President Trump hit many of the right notes in his State of the Union, offering eloquent phrases about unity, bipartisanship and cooperation.
The problem is that almost no one—not the Democrats and certainly not the media—believes that he intends to govern that way.
What’s more, Trump departed from the high-minded rhetoric when he delivered a not-so-veiled warning to Nancy Pelosi and company. The economy is booming, he said, and can only be stopped by “foolish wars, politics, or ridiculous partisan investigations.” Otherwise, there can’t be legislation.
I get why Trump delivered the brushback pitch, but it underscored the dual nature of the speech. And for the record, both political parties pursue aggressive hearings and investigations when the other party holds the White House. If Pelosi goes too far and the probes seem too personal, the Democrats will face a backlash.
In terms of the theatrics, either Trump has gotten better at delivering these long speeches or we’ve gotten more accustomed to his style. His use of guests in the audience to humanize political issues—the technique pioneered by Ronald Reagan—was extremely well done. And who can be against fighting AIDS and childhood cancer?
In fact, Trump even got the ladies in white to applaud. Network cameras kept cutting away to the Democratic women wearing white to honor the suffragette movement, and they rose to their feet when Trump talked up how the economy has helped working women. Who woulda thunk it?
Maybe that’s why 76 percent of respondents in a snap CBS poll approved of the address.
But will anything come of the president’s offer to work with Democrats on, for instance, infrastructure and prescription drug prices? He offered no details in the speech.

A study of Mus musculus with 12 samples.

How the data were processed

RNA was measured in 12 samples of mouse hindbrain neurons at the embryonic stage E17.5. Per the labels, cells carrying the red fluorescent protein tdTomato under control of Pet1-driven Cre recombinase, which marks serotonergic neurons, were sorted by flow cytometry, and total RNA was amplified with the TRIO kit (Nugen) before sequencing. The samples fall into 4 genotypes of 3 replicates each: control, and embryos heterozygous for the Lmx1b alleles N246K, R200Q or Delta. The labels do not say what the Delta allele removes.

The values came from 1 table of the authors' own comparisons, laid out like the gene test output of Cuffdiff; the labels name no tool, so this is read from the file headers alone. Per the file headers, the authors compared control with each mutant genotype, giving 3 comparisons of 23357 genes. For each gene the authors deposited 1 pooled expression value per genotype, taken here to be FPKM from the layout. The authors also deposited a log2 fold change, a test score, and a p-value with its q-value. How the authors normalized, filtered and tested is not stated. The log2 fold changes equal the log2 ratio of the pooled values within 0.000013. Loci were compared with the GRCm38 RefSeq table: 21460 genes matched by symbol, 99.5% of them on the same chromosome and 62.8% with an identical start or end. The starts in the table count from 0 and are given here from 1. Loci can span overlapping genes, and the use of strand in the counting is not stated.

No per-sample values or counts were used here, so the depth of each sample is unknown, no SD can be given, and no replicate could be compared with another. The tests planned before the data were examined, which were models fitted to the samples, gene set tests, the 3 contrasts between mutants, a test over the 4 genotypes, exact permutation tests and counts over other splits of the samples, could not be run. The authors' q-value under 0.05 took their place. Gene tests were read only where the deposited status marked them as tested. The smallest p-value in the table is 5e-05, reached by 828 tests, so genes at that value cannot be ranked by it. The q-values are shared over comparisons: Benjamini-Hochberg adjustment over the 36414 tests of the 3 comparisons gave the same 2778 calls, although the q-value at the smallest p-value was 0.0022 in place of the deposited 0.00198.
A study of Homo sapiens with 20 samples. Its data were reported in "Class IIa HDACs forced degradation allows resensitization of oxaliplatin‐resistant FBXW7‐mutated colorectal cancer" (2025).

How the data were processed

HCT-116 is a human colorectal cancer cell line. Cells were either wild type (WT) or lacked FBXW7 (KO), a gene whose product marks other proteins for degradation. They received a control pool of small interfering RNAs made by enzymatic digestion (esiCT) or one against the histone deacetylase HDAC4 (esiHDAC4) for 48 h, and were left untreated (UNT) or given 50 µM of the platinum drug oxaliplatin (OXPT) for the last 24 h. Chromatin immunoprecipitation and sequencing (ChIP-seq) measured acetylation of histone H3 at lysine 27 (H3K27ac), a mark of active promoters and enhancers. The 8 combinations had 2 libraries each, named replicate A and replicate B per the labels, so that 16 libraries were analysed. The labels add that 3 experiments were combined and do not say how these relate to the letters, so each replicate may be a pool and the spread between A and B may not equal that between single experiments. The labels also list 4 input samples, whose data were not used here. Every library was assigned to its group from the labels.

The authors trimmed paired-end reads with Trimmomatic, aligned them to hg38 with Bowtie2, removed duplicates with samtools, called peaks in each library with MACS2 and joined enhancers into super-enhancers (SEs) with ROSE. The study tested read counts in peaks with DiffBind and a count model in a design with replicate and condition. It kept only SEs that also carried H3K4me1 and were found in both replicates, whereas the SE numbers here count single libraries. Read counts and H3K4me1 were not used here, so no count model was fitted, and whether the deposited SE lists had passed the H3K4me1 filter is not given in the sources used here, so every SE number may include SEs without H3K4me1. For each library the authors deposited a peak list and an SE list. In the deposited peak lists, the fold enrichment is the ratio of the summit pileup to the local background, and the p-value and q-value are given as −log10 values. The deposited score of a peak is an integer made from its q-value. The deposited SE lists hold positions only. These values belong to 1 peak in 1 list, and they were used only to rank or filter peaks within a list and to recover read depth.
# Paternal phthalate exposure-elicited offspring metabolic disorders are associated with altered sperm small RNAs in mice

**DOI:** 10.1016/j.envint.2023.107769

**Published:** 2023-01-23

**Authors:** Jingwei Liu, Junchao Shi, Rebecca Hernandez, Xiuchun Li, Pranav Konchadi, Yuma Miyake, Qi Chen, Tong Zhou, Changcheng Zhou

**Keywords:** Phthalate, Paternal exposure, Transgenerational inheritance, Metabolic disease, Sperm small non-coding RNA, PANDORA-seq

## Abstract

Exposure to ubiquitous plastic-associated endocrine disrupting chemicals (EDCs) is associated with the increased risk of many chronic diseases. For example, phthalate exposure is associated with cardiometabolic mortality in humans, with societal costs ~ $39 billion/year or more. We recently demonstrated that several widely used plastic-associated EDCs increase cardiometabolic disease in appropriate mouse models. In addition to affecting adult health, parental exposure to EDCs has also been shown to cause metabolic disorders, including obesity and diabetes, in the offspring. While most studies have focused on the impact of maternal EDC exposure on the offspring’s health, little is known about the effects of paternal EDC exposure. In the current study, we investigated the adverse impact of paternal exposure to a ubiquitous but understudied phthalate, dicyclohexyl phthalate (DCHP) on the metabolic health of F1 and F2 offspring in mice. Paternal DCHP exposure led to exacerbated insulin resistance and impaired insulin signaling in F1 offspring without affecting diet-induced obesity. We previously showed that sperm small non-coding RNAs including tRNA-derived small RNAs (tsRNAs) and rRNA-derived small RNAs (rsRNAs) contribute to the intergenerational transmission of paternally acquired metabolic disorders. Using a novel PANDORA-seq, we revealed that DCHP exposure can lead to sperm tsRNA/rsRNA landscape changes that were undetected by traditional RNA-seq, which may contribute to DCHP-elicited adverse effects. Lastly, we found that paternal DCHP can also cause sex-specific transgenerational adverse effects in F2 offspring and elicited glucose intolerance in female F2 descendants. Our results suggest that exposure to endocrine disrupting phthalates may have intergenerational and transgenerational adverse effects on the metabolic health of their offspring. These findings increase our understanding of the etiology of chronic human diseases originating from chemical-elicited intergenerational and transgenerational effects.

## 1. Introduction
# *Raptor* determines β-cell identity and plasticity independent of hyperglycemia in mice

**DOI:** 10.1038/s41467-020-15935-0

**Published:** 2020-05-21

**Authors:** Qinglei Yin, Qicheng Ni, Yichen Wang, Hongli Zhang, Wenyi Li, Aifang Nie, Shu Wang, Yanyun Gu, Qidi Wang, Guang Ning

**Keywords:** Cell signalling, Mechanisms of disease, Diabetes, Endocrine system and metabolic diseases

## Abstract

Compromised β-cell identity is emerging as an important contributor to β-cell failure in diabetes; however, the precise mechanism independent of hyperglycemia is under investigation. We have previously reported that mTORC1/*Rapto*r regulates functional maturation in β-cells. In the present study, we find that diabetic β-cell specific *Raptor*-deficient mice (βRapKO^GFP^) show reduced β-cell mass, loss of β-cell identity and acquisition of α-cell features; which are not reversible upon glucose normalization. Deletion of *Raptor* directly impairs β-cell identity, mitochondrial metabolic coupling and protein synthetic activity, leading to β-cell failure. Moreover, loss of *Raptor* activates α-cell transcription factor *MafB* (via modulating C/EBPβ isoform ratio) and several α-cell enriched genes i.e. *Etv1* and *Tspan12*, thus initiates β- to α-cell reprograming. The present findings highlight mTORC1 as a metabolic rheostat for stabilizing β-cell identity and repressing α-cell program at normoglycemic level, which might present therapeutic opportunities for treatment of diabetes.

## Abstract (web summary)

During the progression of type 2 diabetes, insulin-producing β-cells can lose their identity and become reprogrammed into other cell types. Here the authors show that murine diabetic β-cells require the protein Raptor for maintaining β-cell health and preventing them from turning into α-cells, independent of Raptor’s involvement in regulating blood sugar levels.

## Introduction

The unity theme was undercut a few hours earlier when details of an off-the-record presidential luncheon with network anchors leaked to the New York Times. There he was, calling Chuck Schumer a “nasty son of a b—h,” branding Joe Biden “dumb” and taking a shot at “Pocahontas.”
The speech contained lots of red meat for the base. Trump made his umpteenth pitch for the wall, even if he made no reference to an emergency declaration that he might invoke when the stopgap funding bill expires this month.
And given that Ralph Northam teed it up for him with his controversial comments on late-term abortion, of course Trump was going to denounce the Virginia measure and a similar bill that recently became law in New York.
Most major news outlets tried to capture the dichotomy of the speech.
Dan Balz in the Washington Post:
“There was little new in his address. Even if there were, the president was speaking to a country that for the most part has firm convictions about their feelings toward him. His poll numbers have moved little during two years in office, hovering in one of the narrowest ranges of any modern president. His floor and his ceiling appear to be relatively close together. As president, he has shown no particular ability — or even desire — to expand his support or his coalition.”
Peter Baker in the New York Times, saying the speech “toggled between conciliation and confrontation,” reported:
“President Trump delivered a message of bipartisan unity…but signaled that he would continue to wage war for the hard-line immigration policies that have polarized the capital and the nation.”
John Harris in Politico called it a “dizzying and even disorienting experience, a cascade of rhetorical passages that seemed to contradict each other every few moments. Appeals for unity and bipartisanship jostled with ideological and cultural scab-picking. Theatrics used by all modern presidents to swell the heart or moisten the eye — We are joined in the gallery tonight by … — were followed by the honking boasts of a MAGA rally.”
Most State of the Union addresses prove to be forgettable. Will this one be old news by the weekend? That seems all too likely unless Trump, and Pelosi, make some moves toward actual cooperation, not just the rhetorical kind.